Even when it had closed, and was supposedly empty between 1980 and 1983, there were often lights to be seen inside, and the local belief was that people were actually LIVING in it.
Sorry for any confusion resulting from my previous comments. What I was actually referring to was, of course, the screen MASKING, not the non-existant tabs! Even the oil-wheels that Jason mentioned weren’t used for great periods of time when the lamps blew, and spares were not quick enough in coming from head-office.
After twinning, both cinemas DID have screen tabs in the form of rolls of black material of some sort – approximately 4 inches wide – which popped over the top of the screen, when needed, and uncurled themselves vertically. After a few years they stopped working properly – Studio 1 customers got their money back one night when one of the tabs wouldn’t raise for a ‘scope presentation – and operators 'Star Group’, not being well renowned for the quality of their maintainance, didn’t bother fixing them. A friend of mine, who worked in another Star cinema at the time, believes that the offending tab was eventually removed using a pair of scissors, so they were never used in taht screen again.
The projection box was actually located ABOVE the original circle, accessed via a spiral staircase. I believe this to have been the case even when there was only one auditorium – the original screen was certainly raked at one heck of an angle! In the ‘Studio 1&2’ years, the box housed a pair of Westar projectors, complete with long-play towers, so goodness knows how they got those up there.
This is the correct link to the 2006 picture of the whole development.
Three views of the outside of the Bingo hall as it is in 2006.
I’ve just looked at Woody’s advert pics. SO SAD………..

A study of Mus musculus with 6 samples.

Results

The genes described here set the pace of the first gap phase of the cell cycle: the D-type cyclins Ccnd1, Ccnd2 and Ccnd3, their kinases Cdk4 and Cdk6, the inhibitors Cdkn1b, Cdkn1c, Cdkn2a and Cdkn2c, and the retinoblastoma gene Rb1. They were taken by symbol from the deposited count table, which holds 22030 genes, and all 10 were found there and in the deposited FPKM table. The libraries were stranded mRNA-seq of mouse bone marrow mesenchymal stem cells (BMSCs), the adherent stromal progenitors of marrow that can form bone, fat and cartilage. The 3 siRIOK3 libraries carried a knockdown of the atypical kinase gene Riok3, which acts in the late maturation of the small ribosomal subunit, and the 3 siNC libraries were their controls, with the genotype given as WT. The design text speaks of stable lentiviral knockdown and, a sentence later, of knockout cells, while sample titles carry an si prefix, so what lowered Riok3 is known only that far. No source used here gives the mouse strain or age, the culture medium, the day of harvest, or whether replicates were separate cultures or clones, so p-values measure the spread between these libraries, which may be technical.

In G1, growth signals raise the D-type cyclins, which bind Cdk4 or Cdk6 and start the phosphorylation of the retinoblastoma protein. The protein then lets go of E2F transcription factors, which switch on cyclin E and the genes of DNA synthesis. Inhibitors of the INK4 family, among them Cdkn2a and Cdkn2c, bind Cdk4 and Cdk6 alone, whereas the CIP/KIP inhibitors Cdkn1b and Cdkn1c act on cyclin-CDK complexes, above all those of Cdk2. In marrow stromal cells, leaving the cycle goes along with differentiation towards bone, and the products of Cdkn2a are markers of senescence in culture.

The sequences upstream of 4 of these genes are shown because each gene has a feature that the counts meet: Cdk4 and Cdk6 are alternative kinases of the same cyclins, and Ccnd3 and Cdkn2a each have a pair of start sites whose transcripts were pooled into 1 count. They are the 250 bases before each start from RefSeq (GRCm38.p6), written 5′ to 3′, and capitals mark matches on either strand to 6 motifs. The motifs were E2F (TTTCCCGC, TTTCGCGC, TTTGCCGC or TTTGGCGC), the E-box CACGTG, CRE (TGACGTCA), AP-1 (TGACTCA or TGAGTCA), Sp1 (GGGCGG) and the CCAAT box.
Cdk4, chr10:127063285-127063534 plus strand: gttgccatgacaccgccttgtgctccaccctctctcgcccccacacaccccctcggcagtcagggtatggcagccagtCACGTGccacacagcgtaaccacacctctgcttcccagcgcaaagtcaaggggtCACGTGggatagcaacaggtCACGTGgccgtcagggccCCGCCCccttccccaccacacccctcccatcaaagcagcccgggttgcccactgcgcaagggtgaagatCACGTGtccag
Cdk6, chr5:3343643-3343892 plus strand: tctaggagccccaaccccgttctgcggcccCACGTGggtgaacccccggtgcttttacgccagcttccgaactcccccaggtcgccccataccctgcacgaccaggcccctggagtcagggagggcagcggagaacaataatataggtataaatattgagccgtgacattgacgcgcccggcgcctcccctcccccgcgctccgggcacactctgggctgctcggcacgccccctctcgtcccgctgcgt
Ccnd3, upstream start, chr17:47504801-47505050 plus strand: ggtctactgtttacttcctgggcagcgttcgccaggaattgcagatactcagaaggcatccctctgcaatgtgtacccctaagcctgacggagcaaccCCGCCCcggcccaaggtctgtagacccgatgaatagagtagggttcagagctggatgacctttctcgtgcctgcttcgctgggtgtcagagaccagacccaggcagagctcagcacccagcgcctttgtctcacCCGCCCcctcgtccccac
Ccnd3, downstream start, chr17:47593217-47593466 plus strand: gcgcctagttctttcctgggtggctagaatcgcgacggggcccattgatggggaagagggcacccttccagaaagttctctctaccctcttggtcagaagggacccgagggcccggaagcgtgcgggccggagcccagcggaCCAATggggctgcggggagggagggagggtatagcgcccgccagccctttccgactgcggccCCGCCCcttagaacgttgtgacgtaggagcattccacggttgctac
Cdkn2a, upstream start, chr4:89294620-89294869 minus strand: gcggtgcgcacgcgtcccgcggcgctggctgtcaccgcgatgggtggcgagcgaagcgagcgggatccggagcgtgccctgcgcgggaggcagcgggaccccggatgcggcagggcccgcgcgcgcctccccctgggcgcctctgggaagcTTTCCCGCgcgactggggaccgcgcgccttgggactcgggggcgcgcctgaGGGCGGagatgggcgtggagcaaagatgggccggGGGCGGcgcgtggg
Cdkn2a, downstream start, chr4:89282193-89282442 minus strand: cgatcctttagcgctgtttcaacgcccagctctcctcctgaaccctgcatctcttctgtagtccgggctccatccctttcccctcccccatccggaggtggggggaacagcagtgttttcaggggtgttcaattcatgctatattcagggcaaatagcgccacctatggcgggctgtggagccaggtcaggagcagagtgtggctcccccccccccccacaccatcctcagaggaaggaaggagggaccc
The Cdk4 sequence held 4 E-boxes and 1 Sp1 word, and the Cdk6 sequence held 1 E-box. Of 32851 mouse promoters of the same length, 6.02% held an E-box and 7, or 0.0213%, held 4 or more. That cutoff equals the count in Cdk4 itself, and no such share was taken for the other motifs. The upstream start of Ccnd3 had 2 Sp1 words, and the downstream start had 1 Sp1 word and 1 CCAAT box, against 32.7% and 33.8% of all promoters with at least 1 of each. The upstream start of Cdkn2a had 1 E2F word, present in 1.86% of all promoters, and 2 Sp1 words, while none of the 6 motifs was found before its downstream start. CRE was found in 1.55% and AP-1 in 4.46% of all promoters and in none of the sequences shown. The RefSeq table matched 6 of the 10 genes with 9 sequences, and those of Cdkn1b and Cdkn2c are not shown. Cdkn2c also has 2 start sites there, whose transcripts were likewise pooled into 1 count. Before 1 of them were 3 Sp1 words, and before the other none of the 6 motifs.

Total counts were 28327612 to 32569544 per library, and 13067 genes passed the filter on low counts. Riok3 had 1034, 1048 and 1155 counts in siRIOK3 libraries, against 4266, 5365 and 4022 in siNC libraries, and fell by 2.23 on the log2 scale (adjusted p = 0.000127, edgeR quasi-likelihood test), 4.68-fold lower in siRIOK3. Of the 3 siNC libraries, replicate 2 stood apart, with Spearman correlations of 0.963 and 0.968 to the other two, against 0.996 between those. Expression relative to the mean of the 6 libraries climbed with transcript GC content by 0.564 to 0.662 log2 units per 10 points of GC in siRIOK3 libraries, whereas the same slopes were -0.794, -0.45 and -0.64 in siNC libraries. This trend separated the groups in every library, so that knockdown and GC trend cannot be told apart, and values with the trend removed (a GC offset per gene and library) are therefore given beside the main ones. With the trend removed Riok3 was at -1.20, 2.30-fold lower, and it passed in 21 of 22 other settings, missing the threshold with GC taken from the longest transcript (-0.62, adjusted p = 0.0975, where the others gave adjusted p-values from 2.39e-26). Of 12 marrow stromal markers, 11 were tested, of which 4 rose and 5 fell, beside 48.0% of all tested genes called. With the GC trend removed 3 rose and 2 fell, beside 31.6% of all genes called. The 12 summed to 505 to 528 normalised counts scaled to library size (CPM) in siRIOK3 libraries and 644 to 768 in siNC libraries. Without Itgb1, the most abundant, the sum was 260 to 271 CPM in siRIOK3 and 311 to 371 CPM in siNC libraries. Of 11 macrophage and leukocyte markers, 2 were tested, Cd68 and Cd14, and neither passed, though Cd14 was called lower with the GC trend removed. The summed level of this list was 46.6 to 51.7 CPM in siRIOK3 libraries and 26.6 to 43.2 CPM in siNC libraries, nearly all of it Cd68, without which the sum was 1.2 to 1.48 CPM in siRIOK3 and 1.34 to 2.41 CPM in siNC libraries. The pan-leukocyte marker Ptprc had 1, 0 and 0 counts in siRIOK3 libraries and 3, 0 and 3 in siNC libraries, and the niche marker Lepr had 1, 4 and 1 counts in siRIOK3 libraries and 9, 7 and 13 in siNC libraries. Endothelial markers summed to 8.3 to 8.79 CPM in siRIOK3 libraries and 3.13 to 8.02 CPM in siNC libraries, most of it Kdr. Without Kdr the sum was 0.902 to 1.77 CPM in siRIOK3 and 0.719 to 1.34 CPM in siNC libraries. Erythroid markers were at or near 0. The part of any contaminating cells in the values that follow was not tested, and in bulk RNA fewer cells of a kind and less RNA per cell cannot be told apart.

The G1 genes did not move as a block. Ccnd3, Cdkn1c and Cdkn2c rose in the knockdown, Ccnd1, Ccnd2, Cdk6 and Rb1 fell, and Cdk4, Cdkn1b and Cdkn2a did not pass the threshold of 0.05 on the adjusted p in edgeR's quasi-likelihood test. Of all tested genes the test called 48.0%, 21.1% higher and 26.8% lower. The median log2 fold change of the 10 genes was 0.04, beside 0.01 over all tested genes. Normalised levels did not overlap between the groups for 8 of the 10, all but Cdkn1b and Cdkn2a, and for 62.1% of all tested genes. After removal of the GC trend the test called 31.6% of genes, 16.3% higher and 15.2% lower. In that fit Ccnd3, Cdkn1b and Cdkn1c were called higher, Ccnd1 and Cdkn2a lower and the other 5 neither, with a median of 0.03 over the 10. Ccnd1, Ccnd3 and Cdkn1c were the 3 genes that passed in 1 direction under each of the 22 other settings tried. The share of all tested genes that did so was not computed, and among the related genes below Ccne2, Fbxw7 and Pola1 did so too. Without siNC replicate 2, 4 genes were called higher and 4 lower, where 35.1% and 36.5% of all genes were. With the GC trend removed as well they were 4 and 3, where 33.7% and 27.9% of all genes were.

Here is another picture, taken in 2006, showing the whole of the modern development.
I visited the old cinema this weekend, looking for a new sofa – it’s now a Queenstyle furniture and bedding store. From the old stalls, now the furniture area, you can still see where the original circle was. The extra floor has been added at a level which appears to coincide with where the top of the front of the balcony must have been, and extends right to the far wall. It is of concrete construction, and is supported by several very large-looking RSJ’s.
Upstairs, the previously raked circle has also been levelled from where the back row of seats would have been, and the new floor is accessed via two sets of steps. The projection box is now an office. The portholes have been enlarged, but the unusually curved rear wall remains.
Although there was no balcony, the seating wasn’t all on the flat. The rear third was raked from ground level up to just under the projection box. A sufficiently tall person could cast a shadow on the screen, and ‘shadow puppets’, courtesy local schoolboys, would often appear during mattinees!
I remember seeing ‘My Fair Lady’ there in the mid 60’s – presented in 70mm of course! The picture and sound quality were second to none.
This is a picture of the Odeon in 2006
Does anybody know whether the auditorium is actually in use as a coference venue?
The Beatles ‘Hard Day’s Night’ had its premiere here
I helped out here for a while in 1970, and I learnt how to do changeovers properly at the Walpole! The box wasn’t actually attached to the theatre, so, when it rained, the projectionist had to wipe the spots off the glasses between them. The girls who worked in the dance studio next door used to make tea for the staff. I went back there when it was a carpet store. It was amazing to see that they’d cleaned up the screen surround to reveal two beautiful marble pillars, which were not evident before – we thought they were black!
I spent many happy hours in the box, having become good friends with the staff. The chief at the time told me that the screen actually opened out to 90 feet wide for D150 presentations. They screened the original ‘Star Wars’ in this format – despite slight cropping top and bottom – and it looked and sounded stunning. They had to close the front few rows of the stalls because people were being physically sick during the death-star destruction sequence!